After a year of intensive study, NASA concluded this week that a massive, unprecedented build-up of methane in the Four Corners region of south western USA has been largely caused by industrial oil and gas activity in the area.
NASA scientists are satisfied that the methane hot spot, which covers over 2,500 square miles and is the largest concentration in the country, possibly the world, has developed as a direct result of leaks from intensive natural gas extraction, processing, and distribution.
Classified as a greenhouse gas, methane is 84 times more efficient than carbon dioxide in trapping heat in the atmosphere. As such, it is a prime contributor to global warming and climate change. While it is odorless, colorless, and hard to detect without scientific instruments, it is also highly flammable. In concentrations dense enough, it can be literally explosive.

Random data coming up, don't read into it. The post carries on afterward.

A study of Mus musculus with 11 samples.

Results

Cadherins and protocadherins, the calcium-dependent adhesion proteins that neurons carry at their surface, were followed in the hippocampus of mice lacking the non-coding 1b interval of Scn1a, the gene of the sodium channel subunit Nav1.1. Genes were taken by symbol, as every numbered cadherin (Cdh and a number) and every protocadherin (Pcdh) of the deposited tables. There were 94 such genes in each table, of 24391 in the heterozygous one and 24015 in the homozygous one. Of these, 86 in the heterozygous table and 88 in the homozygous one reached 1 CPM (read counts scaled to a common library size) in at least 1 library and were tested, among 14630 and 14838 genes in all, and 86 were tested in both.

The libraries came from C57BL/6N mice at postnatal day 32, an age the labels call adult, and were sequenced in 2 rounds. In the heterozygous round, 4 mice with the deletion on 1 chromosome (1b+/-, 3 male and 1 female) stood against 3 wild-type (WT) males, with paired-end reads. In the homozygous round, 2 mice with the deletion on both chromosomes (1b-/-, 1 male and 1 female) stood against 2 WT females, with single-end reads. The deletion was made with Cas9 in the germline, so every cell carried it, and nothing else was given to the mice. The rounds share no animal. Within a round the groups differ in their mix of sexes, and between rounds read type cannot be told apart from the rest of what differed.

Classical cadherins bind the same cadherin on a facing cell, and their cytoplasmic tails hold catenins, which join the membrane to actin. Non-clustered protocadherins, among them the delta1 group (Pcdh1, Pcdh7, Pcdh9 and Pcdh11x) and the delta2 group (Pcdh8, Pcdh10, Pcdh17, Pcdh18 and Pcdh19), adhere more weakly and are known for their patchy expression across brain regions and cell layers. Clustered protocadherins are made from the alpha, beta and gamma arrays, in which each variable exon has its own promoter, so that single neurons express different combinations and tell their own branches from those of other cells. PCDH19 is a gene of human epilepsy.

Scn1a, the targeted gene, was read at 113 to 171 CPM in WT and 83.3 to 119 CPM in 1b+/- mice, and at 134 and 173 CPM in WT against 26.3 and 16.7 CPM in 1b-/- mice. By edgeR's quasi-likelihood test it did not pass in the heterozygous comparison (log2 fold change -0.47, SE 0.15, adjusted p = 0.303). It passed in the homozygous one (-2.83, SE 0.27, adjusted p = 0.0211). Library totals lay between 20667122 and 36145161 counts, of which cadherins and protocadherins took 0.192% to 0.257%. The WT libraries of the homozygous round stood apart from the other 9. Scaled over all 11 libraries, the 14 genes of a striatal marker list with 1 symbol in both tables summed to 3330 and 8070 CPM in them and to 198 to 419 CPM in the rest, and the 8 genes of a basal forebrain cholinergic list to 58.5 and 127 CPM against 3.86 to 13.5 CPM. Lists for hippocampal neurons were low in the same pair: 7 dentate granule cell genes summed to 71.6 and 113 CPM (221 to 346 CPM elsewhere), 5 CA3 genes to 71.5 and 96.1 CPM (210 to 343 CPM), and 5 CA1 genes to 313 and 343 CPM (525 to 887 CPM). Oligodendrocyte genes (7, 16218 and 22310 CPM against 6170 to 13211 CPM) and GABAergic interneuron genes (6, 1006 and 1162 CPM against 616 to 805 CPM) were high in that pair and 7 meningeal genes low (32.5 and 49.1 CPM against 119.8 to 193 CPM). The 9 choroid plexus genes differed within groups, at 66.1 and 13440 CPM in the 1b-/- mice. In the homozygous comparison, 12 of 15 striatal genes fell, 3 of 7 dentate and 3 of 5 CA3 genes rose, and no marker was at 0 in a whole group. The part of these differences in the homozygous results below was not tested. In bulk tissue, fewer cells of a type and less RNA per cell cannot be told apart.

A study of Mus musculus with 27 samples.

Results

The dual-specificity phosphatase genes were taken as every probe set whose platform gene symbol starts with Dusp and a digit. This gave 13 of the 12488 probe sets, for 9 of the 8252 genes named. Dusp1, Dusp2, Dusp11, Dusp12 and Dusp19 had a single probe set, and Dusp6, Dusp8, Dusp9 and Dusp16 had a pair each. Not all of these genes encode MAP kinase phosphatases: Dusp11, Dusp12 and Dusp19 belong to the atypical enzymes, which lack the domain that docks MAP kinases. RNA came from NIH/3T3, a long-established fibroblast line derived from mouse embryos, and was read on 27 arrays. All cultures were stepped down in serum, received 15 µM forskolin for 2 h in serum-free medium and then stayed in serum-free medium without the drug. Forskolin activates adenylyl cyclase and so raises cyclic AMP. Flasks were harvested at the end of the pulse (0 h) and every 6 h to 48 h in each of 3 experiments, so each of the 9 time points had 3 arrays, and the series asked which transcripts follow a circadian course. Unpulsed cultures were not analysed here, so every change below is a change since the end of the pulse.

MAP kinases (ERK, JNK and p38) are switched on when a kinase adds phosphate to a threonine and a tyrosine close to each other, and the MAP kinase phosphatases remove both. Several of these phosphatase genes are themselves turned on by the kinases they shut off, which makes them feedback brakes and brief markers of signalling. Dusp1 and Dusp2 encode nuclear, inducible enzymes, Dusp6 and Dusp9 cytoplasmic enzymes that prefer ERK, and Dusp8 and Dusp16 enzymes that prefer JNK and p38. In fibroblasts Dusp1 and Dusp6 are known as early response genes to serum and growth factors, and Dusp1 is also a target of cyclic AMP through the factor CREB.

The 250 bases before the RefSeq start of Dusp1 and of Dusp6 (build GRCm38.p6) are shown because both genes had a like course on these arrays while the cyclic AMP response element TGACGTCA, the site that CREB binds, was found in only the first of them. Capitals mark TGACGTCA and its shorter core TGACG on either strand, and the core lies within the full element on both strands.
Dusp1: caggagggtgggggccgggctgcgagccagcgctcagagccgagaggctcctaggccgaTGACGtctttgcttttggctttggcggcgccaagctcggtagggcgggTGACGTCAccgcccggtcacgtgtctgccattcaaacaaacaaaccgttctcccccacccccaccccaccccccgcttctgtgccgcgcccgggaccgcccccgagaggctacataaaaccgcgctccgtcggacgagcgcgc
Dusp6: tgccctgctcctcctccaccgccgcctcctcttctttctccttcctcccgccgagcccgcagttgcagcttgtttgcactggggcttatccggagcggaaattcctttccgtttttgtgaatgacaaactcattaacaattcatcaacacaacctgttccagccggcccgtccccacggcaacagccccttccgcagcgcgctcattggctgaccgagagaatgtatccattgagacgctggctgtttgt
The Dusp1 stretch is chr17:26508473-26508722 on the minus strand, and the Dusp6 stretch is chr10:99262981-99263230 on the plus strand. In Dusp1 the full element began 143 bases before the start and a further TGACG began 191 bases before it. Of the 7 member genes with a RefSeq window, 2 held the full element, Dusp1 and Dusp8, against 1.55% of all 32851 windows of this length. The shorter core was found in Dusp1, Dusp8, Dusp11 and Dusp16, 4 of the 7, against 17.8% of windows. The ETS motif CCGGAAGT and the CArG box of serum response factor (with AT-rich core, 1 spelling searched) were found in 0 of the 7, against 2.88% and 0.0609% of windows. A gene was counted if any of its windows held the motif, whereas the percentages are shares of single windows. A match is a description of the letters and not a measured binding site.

There are currently over 20,000 oil and gas extraction operations in the San Juan Basin, the hot spot’s epicenter at the intersection of New Mexico, Arizona, Colorado and Utah. The NASA-led team say just a relatively small number of leaks from this vast number of plants could be causing as much as two thirds of the methane build-up.
NASA first detected the hot spot, which appears on their satellite images as the brightest red dot in the whole of North America, as long ago as 2013. Mystified as to why it was there, a partnership of scientists from NASA, the the National Oceanic and Atmospheric Administration (NOAA) and two universities set out in April 2015 to identify the cause.
They identified around 250 plumes of methane, caused by leaks from the oil and gas processing plants, which they believe to be the prime source of the concentration. Leaks from natural and other sources were dismissed as insignificant.
“This does not come as a big surprise. In 2014, according to industry’s self-reported emissions data, oil and gas sources accounted for approximately 80% or methane pollution in the San Juan Basin.”
Quoting a 2015 report from technology consultants ICF, Alvarez went on to add:
“Venting, flaring and leaks from oil and gas sites on federal and tribal land in New Mexico, alone, effectively threw away $100 million worth of gas in 2013 – the worst record in the nation.”